At Smokey’s BBQ and Diner, owners Matt Webb and James Hutzenbiler utilize their more than 29 years of combined restaurant experience to serve a meaty, smoky, saporous menu, crafted using homemade sauces and dry rubs. An array of succulent sandwiches reigns supreme, such as the hand-pulled pork ($3.99), brisket ($5.50), and barbecue-rib ($5.99), all starring slow-smoked meats, which are cooked over a combination of pecan and hickory chips. For appetites that cannot be contained within a kaiser roll, a half ($9.99) or full ($18.95) slab of ribs arrives covered in the diner’s choice of mild, hot, or Carolina-style barbecue sauces, while a chicken-fried steak dinner fills stomach tanks with mashed potatoes, white-pepper gravy, green beans, and a delicious oxymoron ($8.99). Carnivores having trouble choosing just one tangy taste can sample a trio of meats with the barbecue sampler ($12.95), or quiet a barking stomach with the all-you-can-eat catfish ($9.95). Mac 'n' cheese, shoestring fries, and coleslaw represent just a fraction of the 12 available sides, promising diners platters as personalized as a wedding gown covered in barbecue sauce.
Shiloh's Restaurant's homestyle fare is born of the love and dedication of several generations of restaurateurs. The Hermann and Rodgers families have more than 50 years' experience in the kitchen, and although they're retired, entrepreneurial pros Grandma Ethel and Great-Grandma Gladys still oversee the recipe book to ensure quality.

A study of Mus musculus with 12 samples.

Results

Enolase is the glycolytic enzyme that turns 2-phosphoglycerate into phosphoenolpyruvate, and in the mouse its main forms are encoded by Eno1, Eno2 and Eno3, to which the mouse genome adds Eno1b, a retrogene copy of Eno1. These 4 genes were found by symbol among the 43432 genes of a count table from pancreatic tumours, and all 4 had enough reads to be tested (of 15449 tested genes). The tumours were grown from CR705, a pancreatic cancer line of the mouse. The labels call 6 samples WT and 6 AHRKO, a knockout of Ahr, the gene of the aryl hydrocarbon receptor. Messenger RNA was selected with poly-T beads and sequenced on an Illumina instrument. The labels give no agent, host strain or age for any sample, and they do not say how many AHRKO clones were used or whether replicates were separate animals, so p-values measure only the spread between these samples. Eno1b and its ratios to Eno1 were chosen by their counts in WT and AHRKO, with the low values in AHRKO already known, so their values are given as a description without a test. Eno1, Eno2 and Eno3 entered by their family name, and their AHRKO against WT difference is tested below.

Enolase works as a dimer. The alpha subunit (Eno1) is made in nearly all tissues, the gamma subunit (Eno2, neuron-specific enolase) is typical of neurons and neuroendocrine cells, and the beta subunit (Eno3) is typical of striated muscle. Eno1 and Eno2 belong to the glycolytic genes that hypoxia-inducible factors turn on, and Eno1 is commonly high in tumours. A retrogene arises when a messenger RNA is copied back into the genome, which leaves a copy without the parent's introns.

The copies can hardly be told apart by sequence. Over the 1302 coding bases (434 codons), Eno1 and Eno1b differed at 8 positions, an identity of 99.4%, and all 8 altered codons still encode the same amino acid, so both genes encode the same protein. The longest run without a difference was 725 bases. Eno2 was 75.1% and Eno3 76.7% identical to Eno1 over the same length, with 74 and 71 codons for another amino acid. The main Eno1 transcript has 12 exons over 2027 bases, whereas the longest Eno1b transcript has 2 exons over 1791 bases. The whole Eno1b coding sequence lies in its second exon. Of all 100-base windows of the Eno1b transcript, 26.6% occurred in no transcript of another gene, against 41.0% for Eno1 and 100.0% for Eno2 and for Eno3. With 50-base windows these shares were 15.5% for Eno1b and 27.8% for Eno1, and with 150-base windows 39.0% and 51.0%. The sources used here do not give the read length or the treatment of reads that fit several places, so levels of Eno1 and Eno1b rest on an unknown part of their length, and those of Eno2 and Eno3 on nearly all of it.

Following these thoroughly scrutinized instructions, chefs cook up a well-rounded menu of all-day country breakfasts, meaty sandwiches, and pan-fried country steak. At tables, Shiloh's signature housemade rolls are always on hand to sop up leftover homestyle gravy and goulash. And to ensure that no mouth is left unfed, chefs also serve up their piping-hot comfort food to offices, parties, and the hungry families of vacationing grandmothers.
The very first International House of Pancakes opened its doors in Toluca Lake, California in 1958. Now, more than 1,000 locations populate the country's states and territories. They stuff bellies with hot lunch, bacon, eggs, and signature pancakes with toppings such as warm fruit compote or cream-cheese icing. The Tulsa location leaves its doors open 24 hours a day, satisfying midnight cravings and welcoming the morning with omelets wide open.
The old-fashioned diner counter, brown tiled floor, green booths, and homemade pies in the display case harkens back to the 1950s when Bill and Daryl Bowen first opened this hamburger joint. The menu is still spelled out with movable letters on white boards behind the counter, tempting customers with homemade root beer and double cheese burgers hot off the griddle. In the mornings, their chefs fry modest breakfasts of eggs, bacon, and toast, and throughout the day they ladle bowls full of navy beans with ham and complement meals with sides of fried okra and anonymous love letters. Watching the staff scoop dollops of vanilla ice cream into tall glasses of root beer for floats and carve out generous chunks of butterscotch pie to go along with steaming cups of coffee makes it hard for full bellies to turn down dessert.